FORMER Tanaiste Mary Harney yesterday insisted she has earned her €130,000 a year pension – which she describes as "very decent" – after 34 years in politics.
Her defence of her lavish pension followed Taoiseach Enda Kenny’s indication that the Government had no intention of cutting the eye-watering pensions being paid to former cabinet ministers.
Mr Kenny’s stark admission came as the Government revealed plans to cut the numbers working in the public sector by 23,500, scrap 50 quangos and ditch 40 decentralisation projects.
And the Irish Independent learned last night that 70,000 college students are facing a cut in their maintenance grants.
A reduction of up to 5pc is likely to be announced in the Budget – meaning a €175 cut to the average grant.
No final decision has yet been made but education sources say a cut is on the cards. It would be the second year running for students to suffer a drop in income.
Cigarettes, beer, wine, computers, cosmetics, diesel, petrol, tools, detergents and car parts are all set to be dearer after it emerged that the top rate of VAT is to rise to 23pc in the Budget.
The mooted 2pc increase is mentioned in leaked details of the budget preparations in a document given to the German parliament.
The finger of blame for the leak was pointed squarely at the European Commission by government sources.
Despite the pain to be inflicted on the public in the Budget, Mr Kenny seemed to rule out any cuts to the extravagant pensions of retired senior politicians.
"What the Government has done is change the regulations for the future. Obviously, some of these pensions are quite enormous and those who receive them, I suppose, if they reflect on the value of their work and the consequences of that, they will consider that," he said.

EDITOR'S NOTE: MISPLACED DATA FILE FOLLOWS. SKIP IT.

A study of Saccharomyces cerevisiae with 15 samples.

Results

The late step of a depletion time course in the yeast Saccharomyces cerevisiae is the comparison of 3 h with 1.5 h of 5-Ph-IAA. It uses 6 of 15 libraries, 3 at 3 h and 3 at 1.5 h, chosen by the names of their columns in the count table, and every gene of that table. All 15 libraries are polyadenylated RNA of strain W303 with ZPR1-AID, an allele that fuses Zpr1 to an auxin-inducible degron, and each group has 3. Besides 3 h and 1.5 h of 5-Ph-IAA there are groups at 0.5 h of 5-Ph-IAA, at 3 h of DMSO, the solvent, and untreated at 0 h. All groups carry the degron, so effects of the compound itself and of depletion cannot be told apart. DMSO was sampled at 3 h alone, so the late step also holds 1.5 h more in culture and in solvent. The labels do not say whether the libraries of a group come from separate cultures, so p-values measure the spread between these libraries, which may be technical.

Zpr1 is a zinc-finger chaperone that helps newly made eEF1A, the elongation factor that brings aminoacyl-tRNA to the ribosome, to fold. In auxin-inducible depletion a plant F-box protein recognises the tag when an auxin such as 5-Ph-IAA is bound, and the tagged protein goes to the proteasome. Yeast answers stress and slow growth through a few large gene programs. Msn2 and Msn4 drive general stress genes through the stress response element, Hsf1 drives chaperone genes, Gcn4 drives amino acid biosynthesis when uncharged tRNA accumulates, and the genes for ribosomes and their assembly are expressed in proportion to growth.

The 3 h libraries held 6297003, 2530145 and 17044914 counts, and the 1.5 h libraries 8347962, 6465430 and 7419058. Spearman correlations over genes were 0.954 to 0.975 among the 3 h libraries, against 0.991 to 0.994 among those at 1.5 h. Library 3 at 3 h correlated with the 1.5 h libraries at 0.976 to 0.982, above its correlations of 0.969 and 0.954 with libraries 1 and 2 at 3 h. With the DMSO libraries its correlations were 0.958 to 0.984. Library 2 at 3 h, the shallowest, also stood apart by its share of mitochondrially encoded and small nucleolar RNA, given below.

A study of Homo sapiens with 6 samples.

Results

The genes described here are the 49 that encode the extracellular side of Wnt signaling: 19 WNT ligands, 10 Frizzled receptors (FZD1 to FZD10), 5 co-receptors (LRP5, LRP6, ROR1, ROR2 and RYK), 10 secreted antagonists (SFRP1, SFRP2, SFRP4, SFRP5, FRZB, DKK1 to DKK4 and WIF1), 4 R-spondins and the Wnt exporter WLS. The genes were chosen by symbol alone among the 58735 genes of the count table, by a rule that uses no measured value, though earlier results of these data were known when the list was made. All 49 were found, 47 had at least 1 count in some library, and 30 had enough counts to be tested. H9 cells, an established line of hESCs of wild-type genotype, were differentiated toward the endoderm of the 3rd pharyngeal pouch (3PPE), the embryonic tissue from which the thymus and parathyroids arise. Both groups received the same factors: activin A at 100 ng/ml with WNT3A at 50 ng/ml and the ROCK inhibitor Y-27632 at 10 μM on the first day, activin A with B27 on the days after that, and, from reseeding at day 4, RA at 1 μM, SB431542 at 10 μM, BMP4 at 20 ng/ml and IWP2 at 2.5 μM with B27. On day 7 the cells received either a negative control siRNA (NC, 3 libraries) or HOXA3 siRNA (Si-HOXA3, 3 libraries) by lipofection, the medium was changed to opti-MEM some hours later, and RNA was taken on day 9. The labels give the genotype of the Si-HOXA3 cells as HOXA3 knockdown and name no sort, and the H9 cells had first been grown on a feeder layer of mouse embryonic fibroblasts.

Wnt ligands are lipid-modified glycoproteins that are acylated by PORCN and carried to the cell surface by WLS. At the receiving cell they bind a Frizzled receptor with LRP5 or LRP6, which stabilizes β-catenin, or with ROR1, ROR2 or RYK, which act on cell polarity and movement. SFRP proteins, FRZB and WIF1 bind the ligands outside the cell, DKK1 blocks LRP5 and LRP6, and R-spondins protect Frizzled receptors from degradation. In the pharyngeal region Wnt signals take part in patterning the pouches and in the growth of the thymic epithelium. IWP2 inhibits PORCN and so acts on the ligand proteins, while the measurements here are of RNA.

As many as 30 former ministers are entitled to annual payments worth more than €100,000.
Ms Harney yesterday defended her pension, saying she did not believe it should be cut.
The 58-year-old former health minister will get a taxpayer-funded pension worth €129,805 for the rest of her life.
Ms Harney's Progressive Democrats party advocated the light-touch regulation of the banking system and the erosion of the tax base.
"We have already taken substantial cuts," she said on local Kildare TV. "The Government last year cut the pensions of TDs and ministers and former public servants in line with the general cuts that were applied and I think that was the right thing to do.
"But remember many people have dedicated their life to politics. In my case, I spent 34 years in politics. I don't have business interests. I don't have another career.
"Many people can move easily from politics into another career or from one career to another. Many politicians have given their whole life to public service.
"They have done so on the basis of particular entitlements and whilst it may seem excessive to many, I think the cuts that took place, and of course the level of taxation that's applied now, is extraordinarily high, relative to where it used to be. And I believe that was the right decision to reduce the level of those pensions last year," she said.